Originally published November 30, 2009 at 12:00a.m., updated November 30, 2009 at 11:56a.m.
Quade Towers, a 9-year-old Kansas University basketball fan and standout youth-league player from Austin, Texas, recently received a spirit-lifting phone call from the coach of his favorite team.
“I think he’s very nice — a good person and a good coach,” Quade said of Bill Self, who, “told me to feel better and come see the game when we play Texas.”
Quade, who has battled medical problems off and on for several years, has been feeling great of late and, health permitting, will be in Erwin Center for the KU-UT clash on Feb. 8.
That night he’ll be sure to visit with Self, a person he bonded with at last summer’s Bill Self basketball camp and was reacquainted with via a phone call set up by Towers’ dad, Chad, and KU staff member Barry Hinson.
Chad recently contacted the Journal-World just before the Thanksgiving holiday — not so much to tell his son’s story, he said, but to explain how much the coach’s kindness has meant to his son and the entire family.
“Bill Self is a welcoming, genuine and see-it-through type of individual who is outstanding at being himself,” Chad Towers said. “It just so happens he is also a superb basketball coach. I think he really helped our family ... Bill Self the man, not the coach. I can see why he signs the No. 1 recruiting class year after year. He’s a real person.”
Chad became emotional when discussing a 10-minute conversation between Self and Quade at last June’s camp in Lawrence.
In providing some background, it should be noted Quade before the age of 2 was stricken with a rare chronic lung and airways disease. He’s had stomach surgery and multiple procedures/surgeries in an attempt to halt the deterioration of his lungs.
“It was the first day of camp. When coach Self walked into the gym, I was just happening to be standing by the door, and he extended his hand and introduced himself. Wow, what a super, down-to-earth man,” Chad Towers said. “Just a few minutes earlier, my son was told to be ‘skins’ in his very first scrimmage. He was upset because of his multiple scars on his stomach and across his lung region.
“I casually shared with coach Self — because he actually asked which one was mine — that Quade was a little upset about being ‘skins’ and told him of his surgeries.”
What Self did next simply floored dad Chad.
“Before he went to go sit with my son, coach Self pulled up his shirt and showed me a remarkable 16-inch scar on his stomach as he proudfully winked to me he would share a story with my son,” Chad Towers said. “From there, he went across the court and pulled my son aside and took a genuine interest in him and spent a sound five to 10 minutes with him. As I saw later through the week, five minutes is a lot when people all want a piece of the coach.”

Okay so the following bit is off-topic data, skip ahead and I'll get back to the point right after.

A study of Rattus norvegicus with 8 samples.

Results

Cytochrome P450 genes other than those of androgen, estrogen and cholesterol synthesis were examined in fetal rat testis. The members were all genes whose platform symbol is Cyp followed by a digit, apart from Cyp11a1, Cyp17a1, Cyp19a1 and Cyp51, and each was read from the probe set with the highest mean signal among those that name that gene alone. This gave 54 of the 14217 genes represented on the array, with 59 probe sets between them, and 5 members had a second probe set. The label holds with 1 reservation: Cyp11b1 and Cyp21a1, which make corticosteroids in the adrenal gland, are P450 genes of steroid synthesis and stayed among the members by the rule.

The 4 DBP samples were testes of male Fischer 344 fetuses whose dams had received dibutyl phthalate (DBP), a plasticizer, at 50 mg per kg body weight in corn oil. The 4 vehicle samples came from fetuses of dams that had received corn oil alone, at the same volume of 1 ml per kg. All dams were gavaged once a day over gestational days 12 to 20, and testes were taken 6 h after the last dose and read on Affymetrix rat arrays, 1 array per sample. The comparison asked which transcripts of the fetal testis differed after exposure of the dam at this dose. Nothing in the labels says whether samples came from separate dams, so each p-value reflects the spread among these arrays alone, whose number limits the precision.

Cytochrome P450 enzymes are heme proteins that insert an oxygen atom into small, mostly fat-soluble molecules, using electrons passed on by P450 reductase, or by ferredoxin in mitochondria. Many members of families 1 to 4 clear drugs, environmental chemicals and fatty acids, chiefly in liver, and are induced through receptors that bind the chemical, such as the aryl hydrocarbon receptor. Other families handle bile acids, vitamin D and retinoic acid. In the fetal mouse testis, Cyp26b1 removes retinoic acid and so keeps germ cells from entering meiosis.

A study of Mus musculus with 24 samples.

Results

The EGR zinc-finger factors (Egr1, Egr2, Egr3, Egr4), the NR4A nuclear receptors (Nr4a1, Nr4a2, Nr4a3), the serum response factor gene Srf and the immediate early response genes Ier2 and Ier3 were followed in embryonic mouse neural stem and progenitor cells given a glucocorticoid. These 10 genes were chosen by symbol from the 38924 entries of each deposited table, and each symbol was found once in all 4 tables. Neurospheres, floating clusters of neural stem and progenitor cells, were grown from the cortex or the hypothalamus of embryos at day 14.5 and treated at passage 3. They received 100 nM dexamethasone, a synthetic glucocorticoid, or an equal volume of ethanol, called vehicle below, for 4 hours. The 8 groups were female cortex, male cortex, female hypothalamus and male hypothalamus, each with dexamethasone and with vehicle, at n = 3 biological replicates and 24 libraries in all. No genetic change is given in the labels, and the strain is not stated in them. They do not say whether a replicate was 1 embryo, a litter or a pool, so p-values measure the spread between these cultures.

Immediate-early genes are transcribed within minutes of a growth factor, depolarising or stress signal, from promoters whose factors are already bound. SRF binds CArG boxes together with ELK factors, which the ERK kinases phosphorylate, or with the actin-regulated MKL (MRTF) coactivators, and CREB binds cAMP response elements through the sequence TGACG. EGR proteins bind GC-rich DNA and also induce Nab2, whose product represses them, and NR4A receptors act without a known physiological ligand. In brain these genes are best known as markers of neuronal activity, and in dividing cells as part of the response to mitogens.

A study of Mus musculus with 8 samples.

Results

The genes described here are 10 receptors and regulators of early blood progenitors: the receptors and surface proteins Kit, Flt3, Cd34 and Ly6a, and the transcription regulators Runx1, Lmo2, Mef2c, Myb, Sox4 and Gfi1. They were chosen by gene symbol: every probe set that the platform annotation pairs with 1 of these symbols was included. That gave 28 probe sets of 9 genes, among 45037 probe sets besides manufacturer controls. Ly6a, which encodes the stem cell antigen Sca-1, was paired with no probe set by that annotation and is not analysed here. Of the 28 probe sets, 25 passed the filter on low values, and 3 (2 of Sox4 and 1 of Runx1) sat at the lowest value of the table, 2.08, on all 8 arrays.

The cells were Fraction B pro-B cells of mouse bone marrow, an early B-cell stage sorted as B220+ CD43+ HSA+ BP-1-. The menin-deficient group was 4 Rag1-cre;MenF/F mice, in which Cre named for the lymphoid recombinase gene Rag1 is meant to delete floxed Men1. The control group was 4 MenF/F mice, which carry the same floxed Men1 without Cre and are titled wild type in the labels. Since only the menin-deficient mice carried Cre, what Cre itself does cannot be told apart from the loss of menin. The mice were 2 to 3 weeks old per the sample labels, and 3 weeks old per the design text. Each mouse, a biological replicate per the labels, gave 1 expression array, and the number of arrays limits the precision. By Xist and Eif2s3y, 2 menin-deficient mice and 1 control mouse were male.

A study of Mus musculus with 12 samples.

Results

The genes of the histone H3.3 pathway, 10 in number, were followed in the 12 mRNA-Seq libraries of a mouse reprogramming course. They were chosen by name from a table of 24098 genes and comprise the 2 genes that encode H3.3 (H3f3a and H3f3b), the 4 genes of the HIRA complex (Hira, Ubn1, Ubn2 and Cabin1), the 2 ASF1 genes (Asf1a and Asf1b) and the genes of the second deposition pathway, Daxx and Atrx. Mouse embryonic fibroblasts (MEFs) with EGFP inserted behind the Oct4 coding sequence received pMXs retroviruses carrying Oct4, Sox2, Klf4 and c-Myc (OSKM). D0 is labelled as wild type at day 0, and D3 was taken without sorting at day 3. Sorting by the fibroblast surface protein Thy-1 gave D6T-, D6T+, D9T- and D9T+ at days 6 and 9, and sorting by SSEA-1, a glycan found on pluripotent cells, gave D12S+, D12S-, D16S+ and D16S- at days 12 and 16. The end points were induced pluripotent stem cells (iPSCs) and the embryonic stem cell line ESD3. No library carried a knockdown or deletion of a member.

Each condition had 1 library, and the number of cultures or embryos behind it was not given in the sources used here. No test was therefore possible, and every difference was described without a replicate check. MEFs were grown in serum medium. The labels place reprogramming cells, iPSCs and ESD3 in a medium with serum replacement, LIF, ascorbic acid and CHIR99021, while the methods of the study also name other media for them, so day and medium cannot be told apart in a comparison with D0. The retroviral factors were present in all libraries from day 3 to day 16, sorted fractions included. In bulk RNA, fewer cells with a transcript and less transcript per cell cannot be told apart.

Self, who had abdominal surgery in the spring of 2004, indeed showed Quade his scar.
“Coach raised his shirt. Thank goodness it didn’t scare the kid,” Hinson, KU’s director of external relations, joked. “Coach was saying, ‘Don’t feel bad about it. Hey, even big guys have scars, too.’’’
“I think mine was a bit bigger than his,” Self said, adding, “I remember he’s a nice kid and comes from a great family. And I hear he’s doing well. It’s not because of anything we did. We’re pleased to hear he’s doing well.”
Quade performed quite well at the camp and has taken some of the things he learned back to his youth league in Texas. Unfortunately, in late September, Quade, who had been feeling well, came down with the swine flu and pneumonia.
A hematologist ordered a blood transfusion for Quade, who recovered quickly.
However, his dad said his son’s “spirits were poor because he was sick of the hospital and tired of having an IV in each arm and stuck in the same bed.”
That’s when Chad contacted Hinson. After three or four missed connections, Hinson was able to put Self on the line with Quade.
“There were a lot of things going on at that time,” Chad said of the time of the fights between the KU basketball and football teams, “but coach Self still made time to talk to Quade. A lot of coaches would have said, ‘Oh well, I tried twice,’ and forgotten about it. Coach Hinson and Self didn’t give up until they got through to him. It says a lot about the man.”
Hinson said Self, “didn’t like it, he loved talking to Quade again.”
“I’d say it’s one of the best things of being a basketball coach or person in a leadership capacity. Because you are working at a school like Kansas, with its tradition and history, you have the opportunity to brighten someone’s day. For me to tell you that coach does that on a rare basis would be far from the truth. It happens literally on a daily basis,” Hinson noted.
“It could be through phone calls, e-mails, personal letters, personal visits to the hospital, visits to a school … this is something that literally floods his calendar. I can tell you he’s been doing it his whole life. It’s part of his daily walk. People ask me all the time, what makes this guy so special? I answer in two words: ‘He cares.’ Same with our players. They do a lot of things for people as well.”
As far as the recipient of this one kind deed, he sees big things for Self, Hinson and the Jayhawks this season.
“I think,” Quade said excitedly, “they might win the national championship.”